Moore Theatre

1932 Second Avenue,
Seattle, WA 98121


Viewing: Photo | Street View

The Moore Theatre opened on December 28, 1907 and was designed by architect Edwin W. Houghton, with an original seating capacity of 2,212. It has also been known as the Moore Egyptian Theatre.

Contributed by William Gabel

Recent comments (view all 35 comments)

Lost Memory
Lost Memory on February 27, 2009 at 8:03 pm

A February 2009 marquee shot is here.

Lost Memory
Lost Memory on September 19, 2009 at 12:31 pm

Here is a September 2009 photo.

Scorpionfury
Scorpionfury on March 22, 2010 at 3:24 pm

according to Wikipedia’s info: “Seating 2,436 in its original configuration, the Moore was one the largest theatres in the U.S. at the time.” Perhaps Cinema treasures is not taking into account the 2nd balcony, which was racially segregated from the rest of the house and has not been used for decades.
Cinema Treasures should double-check their info.

Joe Vogel
Joe Vogel on December 3, 2011 at 2:08 am

The Moore Theatre was never called the Orpheum, Old or otherwise. It presented Orpheum circuit vaudeville shows from 1916 or 1917 until 1927, but the theater’s name was never changed. The original Seattle Orpheum was an entirely different theater, opened in 1911 at Third Avenue and Madison Street. I’ve been unable to discover what became of the old Orpheum after the new Orpheum opened in 1927. It might have operated for awhile under another name, or it might have simply closed. By 1940, it was being used as storage space, and it was demolished in 1949.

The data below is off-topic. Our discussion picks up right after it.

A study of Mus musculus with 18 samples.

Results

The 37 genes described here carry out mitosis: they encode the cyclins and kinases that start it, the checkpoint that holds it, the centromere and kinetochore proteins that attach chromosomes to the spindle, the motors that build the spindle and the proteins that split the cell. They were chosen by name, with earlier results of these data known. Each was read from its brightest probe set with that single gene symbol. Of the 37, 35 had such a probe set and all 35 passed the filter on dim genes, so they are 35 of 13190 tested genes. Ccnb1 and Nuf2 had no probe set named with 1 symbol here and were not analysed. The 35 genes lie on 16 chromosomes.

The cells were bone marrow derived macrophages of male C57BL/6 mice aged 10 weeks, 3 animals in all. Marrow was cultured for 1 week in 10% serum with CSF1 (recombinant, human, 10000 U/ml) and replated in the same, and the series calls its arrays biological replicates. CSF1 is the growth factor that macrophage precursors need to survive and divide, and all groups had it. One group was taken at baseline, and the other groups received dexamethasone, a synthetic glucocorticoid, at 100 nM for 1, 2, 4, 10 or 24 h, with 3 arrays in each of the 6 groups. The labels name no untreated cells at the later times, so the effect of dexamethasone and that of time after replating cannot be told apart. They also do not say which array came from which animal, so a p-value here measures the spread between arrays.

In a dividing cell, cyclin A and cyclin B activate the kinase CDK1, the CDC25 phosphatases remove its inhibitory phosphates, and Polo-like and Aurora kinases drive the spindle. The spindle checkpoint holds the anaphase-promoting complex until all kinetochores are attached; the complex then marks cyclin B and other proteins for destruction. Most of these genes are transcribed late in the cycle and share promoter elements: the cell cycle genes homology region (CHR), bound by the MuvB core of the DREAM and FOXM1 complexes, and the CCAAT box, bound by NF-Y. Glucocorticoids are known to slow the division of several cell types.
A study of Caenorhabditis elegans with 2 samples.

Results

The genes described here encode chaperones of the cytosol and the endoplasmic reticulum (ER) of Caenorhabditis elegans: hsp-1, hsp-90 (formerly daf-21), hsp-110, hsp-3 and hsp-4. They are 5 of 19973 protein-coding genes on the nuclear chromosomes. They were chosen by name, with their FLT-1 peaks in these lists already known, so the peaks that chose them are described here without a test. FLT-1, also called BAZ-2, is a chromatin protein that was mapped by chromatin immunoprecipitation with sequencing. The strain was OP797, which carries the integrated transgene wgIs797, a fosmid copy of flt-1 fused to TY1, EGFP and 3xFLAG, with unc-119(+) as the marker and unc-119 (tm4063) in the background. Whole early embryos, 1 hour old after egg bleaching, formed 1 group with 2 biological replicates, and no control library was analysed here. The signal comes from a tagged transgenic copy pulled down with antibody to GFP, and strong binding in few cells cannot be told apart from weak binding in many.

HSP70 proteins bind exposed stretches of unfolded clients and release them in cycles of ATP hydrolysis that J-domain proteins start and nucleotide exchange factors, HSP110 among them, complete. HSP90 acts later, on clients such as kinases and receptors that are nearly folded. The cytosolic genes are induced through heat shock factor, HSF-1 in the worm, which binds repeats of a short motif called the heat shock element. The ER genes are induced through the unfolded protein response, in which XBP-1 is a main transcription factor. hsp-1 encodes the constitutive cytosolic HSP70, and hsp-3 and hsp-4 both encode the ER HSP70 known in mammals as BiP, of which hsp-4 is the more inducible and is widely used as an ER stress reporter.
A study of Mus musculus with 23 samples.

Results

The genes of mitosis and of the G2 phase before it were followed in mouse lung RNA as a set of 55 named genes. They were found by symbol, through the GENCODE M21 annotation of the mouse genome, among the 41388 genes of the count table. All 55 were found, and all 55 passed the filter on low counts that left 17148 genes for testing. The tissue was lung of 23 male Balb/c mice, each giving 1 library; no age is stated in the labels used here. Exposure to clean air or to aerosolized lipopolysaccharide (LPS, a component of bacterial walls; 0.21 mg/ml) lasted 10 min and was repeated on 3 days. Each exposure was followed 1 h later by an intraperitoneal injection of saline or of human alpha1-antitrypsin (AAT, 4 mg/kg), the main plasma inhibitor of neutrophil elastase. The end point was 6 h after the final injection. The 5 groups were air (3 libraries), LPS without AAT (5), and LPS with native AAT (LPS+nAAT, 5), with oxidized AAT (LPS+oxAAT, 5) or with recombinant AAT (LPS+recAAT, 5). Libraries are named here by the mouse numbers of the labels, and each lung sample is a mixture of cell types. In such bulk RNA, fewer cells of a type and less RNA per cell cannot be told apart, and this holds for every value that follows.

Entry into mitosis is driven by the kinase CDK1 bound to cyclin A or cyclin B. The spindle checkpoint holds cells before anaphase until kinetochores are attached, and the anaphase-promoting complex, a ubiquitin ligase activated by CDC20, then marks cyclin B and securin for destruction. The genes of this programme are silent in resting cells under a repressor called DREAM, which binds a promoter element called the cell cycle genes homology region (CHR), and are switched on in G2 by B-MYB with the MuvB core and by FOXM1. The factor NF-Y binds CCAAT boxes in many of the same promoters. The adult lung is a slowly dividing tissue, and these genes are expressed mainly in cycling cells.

rockywoods
rockywoods on May 25, 2012 at 10:21 pm

The Moore was located on Second Avenue, at the corner of Virginia Street It was the first theatre built on Second Ave. Others quickly followed, and eventually became known as “Theatre Row”, I believe.
The Moore Theatre operated under that name as mostly for live shows: vaudeville, etc. In 1974 it was placed on the National Register of Historic Places. In 1975, it was rented to a pair of entrepreneurs, who changed the name to the “Moore-Egyptian Theatre” They lost their lease in 1980, and the name reverted back to the “Moore Theatre”.

It has never been known as the “President”, which was built much later in late 1926 or 1927 by Paramount Studios.

For more information, see the Seattle Theatre Group history page: http://stgpresents.org/moore/

And, the STG page on the President Theatre: http://stgpresents.org/paramount/

Joe Vogel
Joe Vogel on May 25, 2012 at 10:47 pm

It was Seattle’s first Orpheum Theatre, at 3rd and Madison, that was renamed the President Theatre, probably in 1927 when the new Orpheum at 5th and Stewart was opened. The first Orpheum isn’t listed at Cinema Treasures yet. I’ve been meaning to submit it for quite a while, but I keep misplacing my notes about it.

LomaUsher
LomaUsher on March 3, 2014 at 12:59 pm

It should be pointed out that, whatever their segregational function in the United States, in traditional and standard theatre design up until the 1930’s, balconies usually had a separate entrance from the main part of the theatre and loge. Even the opera house at Covent Garden in London had a side entrance for the balcony (i.e. “cheap-seats”) up until the renovation in the late ‘90’s. Balcony entrances kept the hoi polloi away from the wealthier patrons, not just blacks away from whites.

LomaUsher
LomaUsher on March 3, 2014 at 1:01 pm

My father heard the pianist Artur Rubenstein in concert in the Moore Theatre in 1946. We still have the program. Dad was in Seattle with the Coast Guard just prior to his discharge, and sat in the upper-balcony, lower right hand side. He says it was one of the most memorable concerts he ever heard, and he can still see it in front of him when he closes his eyes.